How do you distinguish a good real estate agent from a bad one?
investor-q-a

How do you distinguish a good real estate agent from a bad one?

By Bianca Dabu
Gavin Rubinstein

Real estate agent is often considered as a “dirty term” and anyone carrying the title is subject to misconceptions. Gavin Rubinstein, a proud real estate agent, shares his story with Smart Property Investment, breaks the stereotypes associated to his line of work, and offers his advice on how investors and buyers can separate a good agent from a bad one.

How do you know if you can trust a real estate agent?

It’s hard for me to comment on that because I never do that. I never have to do that. I know if I was buying a place and I was an in-tune, savvy investor, I would’ve thought I’d have a pretty good gut feel on certain things, right? So I think all investors buy on, you know, return or numbers, rather than emotion.

So, your advice to buyers is avoid being emotional?

If they get emotional, it’s going to become a problem, right? But if there’s no emotion there, and there’s a gut feel or a feeling based on, you know, feeling like it’s bullshit, call the bluff. And if you call the bluff and you expose the agent, well, it’s like one big game. You win. Always go based on gut feel. Just don’t tar every agent with the same brush because it’s really not the case.

Can you describe how your team usually deal with clients?

Unless they’re savvy and well-experienced in the game, I like to move quick. My team and I want a really sort of fast-paced machine, and the sort of procrastination and the back and forward can be a little bit tedious. And everyone’s different. When you’ve got a buyer’s agent representing a buyer, they will play the game with you, and it’s also fun because they’re trying to get the property at the best price, you’re trying to sell it at the best price, and it becomes a game. But they facilitate the process a lot smoother because they do a lot of it.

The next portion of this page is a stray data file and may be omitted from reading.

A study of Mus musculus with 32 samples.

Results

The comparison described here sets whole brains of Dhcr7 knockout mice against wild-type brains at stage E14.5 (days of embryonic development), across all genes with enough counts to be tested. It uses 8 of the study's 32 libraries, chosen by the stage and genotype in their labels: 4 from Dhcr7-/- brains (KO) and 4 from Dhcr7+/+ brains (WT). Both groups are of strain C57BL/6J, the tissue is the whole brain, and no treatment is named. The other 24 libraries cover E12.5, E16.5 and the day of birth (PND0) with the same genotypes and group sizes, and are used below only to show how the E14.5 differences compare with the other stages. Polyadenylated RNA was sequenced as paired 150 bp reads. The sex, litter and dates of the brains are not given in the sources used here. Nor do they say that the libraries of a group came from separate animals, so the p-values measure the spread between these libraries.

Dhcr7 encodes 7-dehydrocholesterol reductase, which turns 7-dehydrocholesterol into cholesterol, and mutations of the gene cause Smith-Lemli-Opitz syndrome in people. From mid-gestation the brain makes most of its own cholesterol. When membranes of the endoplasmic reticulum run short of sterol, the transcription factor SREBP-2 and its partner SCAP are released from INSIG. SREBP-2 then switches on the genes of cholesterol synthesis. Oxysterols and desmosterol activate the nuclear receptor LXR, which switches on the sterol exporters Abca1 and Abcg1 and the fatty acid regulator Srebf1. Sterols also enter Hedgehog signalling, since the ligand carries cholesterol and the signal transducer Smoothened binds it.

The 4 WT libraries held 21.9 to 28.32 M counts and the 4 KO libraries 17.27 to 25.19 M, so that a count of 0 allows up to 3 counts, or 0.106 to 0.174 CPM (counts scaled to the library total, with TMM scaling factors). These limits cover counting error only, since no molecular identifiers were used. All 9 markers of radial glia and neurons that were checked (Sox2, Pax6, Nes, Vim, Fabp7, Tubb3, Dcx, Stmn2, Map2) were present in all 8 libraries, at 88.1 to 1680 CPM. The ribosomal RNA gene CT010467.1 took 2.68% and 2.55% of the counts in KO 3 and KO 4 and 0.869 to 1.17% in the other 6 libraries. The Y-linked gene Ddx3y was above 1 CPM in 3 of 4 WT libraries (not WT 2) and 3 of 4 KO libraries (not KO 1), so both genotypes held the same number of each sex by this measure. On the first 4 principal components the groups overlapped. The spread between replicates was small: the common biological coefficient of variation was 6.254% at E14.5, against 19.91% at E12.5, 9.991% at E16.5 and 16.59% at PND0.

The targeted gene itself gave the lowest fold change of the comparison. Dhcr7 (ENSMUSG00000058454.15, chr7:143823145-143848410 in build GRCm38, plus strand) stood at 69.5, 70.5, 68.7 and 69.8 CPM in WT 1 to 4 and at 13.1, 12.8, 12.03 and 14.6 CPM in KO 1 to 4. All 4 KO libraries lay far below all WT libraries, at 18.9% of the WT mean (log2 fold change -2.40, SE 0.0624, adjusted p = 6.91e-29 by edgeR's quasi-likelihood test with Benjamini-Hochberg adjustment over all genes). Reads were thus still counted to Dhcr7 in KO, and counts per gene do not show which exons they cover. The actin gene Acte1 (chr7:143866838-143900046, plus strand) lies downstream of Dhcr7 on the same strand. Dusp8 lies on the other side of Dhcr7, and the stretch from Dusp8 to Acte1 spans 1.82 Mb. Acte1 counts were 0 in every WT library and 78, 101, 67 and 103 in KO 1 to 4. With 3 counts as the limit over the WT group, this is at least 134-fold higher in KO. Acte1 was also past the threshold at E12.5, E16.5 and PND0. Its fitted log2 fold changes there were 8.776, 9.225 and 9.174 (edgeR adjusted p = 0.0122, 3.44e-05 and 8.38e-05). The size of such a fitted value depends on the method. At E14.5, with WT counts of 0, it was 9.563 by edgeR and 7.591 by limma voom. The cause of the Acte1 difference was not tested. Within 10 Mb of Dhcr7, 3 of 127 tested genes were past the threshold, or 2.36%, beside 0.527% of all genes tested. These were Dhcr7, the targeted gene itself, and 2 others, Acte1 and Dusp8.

You would rather deal with a buyer’s agent?

Part of what I like to do, always when someone wants to make an offer on a property pre-auction before it’s hitting the auction room, I always get people to sign a contract. I don’t waste time with verbal offers because to me, talk is cheap. Some buyers you have this conversation with, it can kind of freaks them out. A buyer’s agent understands the process and how it works. When you’ve got a signed contract, it means it’s a fact. And when you sit with the owner and you present it to them, they’re making decisions based on real information that they have, exactly like you said.

What is your advice to buyers and agents alike?

Just be blunt about it. It also qualifies better. Time is money. Time is the most important commodity, not only to agents, to everyone. So why are you going to waste it? I constantly harp on about how important time management is, productivity is. I find that when you fluff, or when you muck around, or when you talk shit, you just waste time. So just call it how it is.

Tune in to Gavin Rubinstein’s episode in The Smart Property Investment Show to know more about how you can get the most out of working with you real estate agent.